Taking Off the Armor

Midweek Devotion #10

September 9, 2015

Lonely Violin

Lonely Violin

After I posted last week’s devotion, I had a very good opportunity to be gentle and soft during a violin lesson with my stepson. He was curled up in a ball refusing to practice or participate. I played for awhile and just let him listen. Then I shared with him what was making me frustrated. I was trying to memorize the Bach Double Concerto for Two Violins. There are a lot of notes and I am making slow progress. And my arm was getting sore.

“Now that I’ve told you what’s making me frustrated,” I asked him, “why don’t you tell me what is frustrating you?” He reached over and plucked a string. His violin was looking lonely sitting there next to him on the couch. “Can you use your words?” I asked. “I know you are a big kid and can use words.”

He plucked two strings again, then said, “I can’t play on the D or G string.” He was clearly feeling ashamed at not being able to do a good job, and he was not able to articulate that. All he knew how to do was curl up in the corner.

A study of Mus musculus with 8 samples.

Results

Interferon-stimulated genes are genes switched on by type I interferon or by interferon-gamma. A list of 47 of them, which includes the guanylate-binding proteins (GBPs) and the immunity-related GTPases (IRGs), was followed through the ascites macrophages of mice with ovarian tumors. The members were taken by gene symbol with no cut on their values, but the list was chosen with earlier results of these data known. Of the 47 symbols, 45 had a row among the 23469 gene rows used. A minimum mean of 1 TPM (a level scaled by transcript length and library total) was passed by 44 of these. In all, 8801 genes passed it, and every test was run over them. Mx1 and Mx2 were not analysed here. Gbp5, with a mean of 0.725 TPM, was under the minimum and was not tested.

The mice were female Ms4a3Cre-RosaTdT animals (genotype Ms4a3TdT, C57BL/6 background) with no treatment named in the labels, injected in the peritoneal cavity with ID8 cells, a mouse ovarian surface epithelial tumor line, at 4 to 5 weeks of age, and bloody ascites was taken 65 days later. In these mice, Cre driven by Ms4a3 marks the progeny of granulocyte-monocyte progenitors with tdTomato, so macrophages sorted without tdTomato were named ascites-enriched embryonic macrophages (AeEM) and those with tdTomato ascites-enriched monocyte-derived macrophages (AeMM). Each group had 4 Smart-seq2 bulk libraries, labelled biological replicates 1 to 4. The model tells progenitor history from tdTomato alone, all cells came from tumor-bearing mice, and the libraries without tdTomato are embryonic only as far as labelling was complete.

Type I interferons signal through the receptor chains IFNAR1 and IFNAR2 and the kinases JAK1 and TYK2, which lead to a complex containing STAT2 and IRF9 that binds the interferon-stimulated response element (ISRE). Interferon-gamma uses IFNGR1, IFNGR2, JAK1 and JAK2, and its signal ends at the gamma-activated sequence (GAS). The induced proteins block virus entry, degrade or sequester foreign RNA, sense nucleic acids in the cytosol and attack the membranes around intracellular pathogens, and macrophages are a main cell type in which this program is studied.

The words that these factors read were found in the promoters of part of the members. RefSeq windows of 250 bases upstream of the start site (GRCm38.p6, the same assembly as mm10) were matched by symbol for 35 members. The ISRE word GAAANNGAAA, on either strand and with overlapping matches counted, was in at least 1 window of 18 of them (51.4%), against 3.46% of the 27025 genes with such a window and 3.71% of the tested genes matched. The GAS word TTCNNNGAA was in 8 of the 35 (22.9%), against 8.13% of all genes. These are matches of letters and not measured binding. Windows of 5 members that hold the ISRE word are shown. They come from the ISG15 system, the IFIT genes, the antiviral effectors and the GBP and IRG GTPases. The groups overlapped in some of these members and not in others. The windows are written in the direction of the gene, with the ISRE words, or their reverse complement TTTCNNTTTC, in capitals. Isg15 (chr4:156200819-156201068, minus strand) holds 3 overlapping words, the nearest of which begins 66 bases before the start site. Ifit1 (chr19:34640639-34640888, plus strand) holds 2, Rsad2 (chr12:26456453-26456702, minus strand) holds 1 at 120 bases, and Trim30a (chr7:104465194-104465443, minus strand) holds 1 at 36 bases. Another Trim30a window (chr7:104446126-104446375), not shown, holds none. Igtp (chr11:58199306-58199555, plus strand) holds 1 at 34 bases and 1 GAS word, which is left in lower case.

“Will you take turns playing Pepperoni Pizza with me on the A string?” (A simple rhythm that I know he can do on a string he knows how to play on.) Proceeding from there, I was able to coax him out of his shell. Continuing to take turns, we progressed through the rest of the lesson, even learning a difficult line of music in his working piece.

Vulnerability is key! Learning to model and share what is frustrating to us as adults, letting our kids peer into that imperfect world, can really draw them out of their shell. Such a different approach from the one that says, “Be tough. Buck up. Do your job.”

Take a GoodMinute

  • Do I take off my armor in front of my loved ones, especially kids? Do I allow them to take off theirs?
  • Who allows me to take off my armor? Why do I feel safe around them? What kind of being, aura, space do they generate?

And from Brené Brown, Daring Greatly:

If Wholeheartedness is the goal, then above all else we should strive to raise children who:

  • Engage with the world from a place of worthiness
  • Embrace their vulnerabilities and imperfections…

As parents this means we are called upon to…recognize our own armor and model for our children how to take it off, be vulnerable, show up, and let ourselves be seen and known.